The time of reflection
The crumbs on the floor
Wednesday, February 27, 2013
Passing on the Blog Love
The lovely and super-mama-writer-teacher Kate Hopper (of Motherhood & Words, if you have not taken one of Kate's classes yet, sign up now!) honored me with a Liebster Blog Award, which is, as far as I can tell, a pat on the back from one blogger to another. Thanks, Kate!
This icicle has nothing to do with this blog post, but I liked the way it looked against the blue sky.
As part of her award-passing duties, she provided five questions for me to answer. I've been putting it off for a couple of weeks because I'm no good at answering these sorts of questions, but here goes:
1) What is one thing you’d like to accomplish (professionally or personally) in the next year?
One year from now, I will have finished my MFA degree in creative writing, just shy of nineteen years after finishing my bachelor's degree. Between now and then, I'll be getting a lot of researching, writing and revising done, that will hopefully result in publication(s).
2) Who is the one person who has had an important influence on you? Describe.
My husband, C, who is always so calm and easygoing. He has figured out what he wants to be when he grows up and is doing it––he runs his own business and is a leading voice in residential energy efficiency in Maine. He is also so supportive of my own dreams, watching the kids two nights a week when I go to the library, and twice a year when I go to residency for ten days.
3) What essay or poem or short story do you return to again and again? Why?
I can't choose just one, so I'm going with the American Library Edition of Shirley Jackson's short stories and novels. I love the size and heft of this book (narrower than your typical hardcover), the thin, onion-skin like paper, and the green satin ribbon bookmark. Then of course, Jackson's stories inside: her humor, her dark themes, her witchy tendencies, her surprise endings that make you rethink everything you thought before, her characterization of small-minded small towns, the characters' sense of alienation, the suffocation of domesticity. If you've only ever read "The Lottery," get thee quickly to the library and check out this book. I can't choose just one, but "Louisa Please Come Home," "The Flower Garden," and "Behold the Child Among his Newborn Blisses"are among my favorites.
4) In what ways has parenthood shifted your perspective on some aspect (you chose) of your life?
I think the biggest perspective shift has been with regard to time. It's the least original thing I could possibly say, but time moves SO fast when you have kids (except when it doesn't, and then it moves so slowly it doesn't feel like it's moving at all, like when you're playing Star Wars guys with your four-year-old). I feel much more aware of using my time wisely, accomplishing things I want to accomplish, and not wasting it doing whatever I used to do to waste time when I was young and child-free.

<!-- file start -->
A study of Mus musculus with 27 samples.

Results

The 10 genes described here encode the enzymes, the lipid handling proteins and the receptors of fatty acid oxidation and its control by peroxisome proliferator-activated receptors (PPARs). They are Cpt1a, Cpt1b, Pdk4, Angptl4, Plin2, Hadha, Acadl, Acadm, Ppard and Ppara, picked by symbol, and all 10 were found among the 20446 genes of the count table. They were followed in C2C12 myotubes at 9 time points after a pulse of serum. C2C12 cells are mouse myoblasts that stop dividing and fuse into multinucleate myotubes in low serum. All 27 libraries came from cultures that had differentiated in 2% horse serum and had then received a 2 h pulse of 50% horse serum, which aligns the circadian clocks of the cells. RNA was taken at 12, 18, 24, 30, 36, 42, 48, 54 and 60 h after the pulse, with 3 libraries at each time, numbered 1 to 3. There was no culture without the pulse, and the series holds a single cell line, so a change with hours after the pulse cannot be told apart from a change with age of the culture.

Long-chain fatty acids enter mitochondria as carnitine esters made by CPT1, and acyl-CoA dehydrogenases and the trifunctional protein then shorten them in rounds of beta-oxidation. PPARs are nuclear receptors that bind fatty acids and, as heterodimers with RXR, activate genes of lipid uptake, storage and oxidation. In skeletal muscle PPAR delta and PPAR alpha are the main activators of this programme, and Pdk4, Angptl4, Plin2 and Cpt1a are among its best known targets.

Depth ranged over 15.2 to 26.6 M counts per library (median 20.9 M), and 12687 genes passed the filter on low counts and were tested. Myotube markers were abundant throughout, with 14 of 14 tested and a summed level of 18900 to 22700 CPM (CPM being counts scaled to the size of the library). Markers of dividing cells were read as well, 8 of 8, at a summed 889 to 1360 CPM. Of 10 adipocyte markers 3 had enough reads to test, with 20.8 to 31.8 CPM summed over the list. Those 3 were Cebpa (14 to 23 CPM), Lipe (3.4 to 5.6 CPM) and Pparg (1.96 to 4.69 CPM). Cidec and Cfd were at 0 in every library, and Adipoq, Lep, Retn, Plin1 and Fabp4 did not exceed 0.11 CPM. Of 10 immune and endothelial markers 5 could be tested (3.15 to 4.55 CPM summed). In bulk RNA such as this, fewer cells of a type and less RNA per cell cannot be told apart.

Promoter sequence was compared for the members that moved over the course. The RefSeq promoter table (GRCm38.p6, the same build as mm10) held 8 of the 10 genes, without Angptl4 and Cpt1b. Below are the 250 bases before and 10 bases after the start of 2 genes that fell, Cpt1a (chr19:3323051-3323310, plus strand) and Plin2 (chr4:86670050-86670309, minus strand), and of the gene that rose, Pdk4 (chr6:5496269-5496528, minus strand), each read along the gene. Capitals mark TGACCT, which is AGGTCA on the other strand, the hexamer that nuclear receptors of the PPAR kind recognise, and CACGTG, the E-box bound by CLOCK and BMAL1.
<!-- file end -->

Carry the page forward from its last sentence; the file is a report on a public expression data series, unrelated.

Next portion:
5) Describe your ideal day.
My ideal day would involve: sleeping late, reading a good book in the bathtub with a cup of tea, hiking out in the woods (my ideal day being sunny, of course), taking pictures, drawing and writing in my nature journal, eating a really good lunch (which someone else prepared and will clean up), writing, some more reading, eating a good dinner (ditto prep and cleanup), watching a good movie with a bit of knitting, going to bed in freshly-washed and off-the-line sheets. Lots and lots of peace and quiet so that my brain can do whatever it needs/wants to do. Also, it would need to take place in a really clean and organized house so I don't get tempted to dust or clean sinks. And yes, I do love my husband and children, but they get to be a part of every single one of my ordinary days, so I think it's only fair that I get to be alone on my perfect day.
Now I get to pass the pat-on-the-back to five more blogs of my choosing. The blogs I choose are:
Meryl at My Bit of Earth, who writes about motherhood, chickens, toddlers, gardens, knitting, cooking, photography––all the good things in life.
Kendra at By Hand at Home, project-making, green-living mama extraordinaire.
Liz at Motherlogue, who writes about writing and mothering and led a kids' NaNoWriMo project.
Katherine at KatherineJBarrett, Literary Mama editor, mama of three boys (including twins), and food columnist.
I am a writer, a public servant, a mama of three boys, a tree-hugger and nature lover. In my spare time I try to live lightly on the earth and strive for mindfulness in all I do...and I hope to teach my kids to do the same.
All content on this blog copyright Andrea Lani.
With a nod to Kazuo Ishiguro's wonderful novel, The Remains of the Day, which, in the interest of full disclosure, I had not even read until this blog was nearly two years old. It's surprising to find one has a lot in common with an aging butler.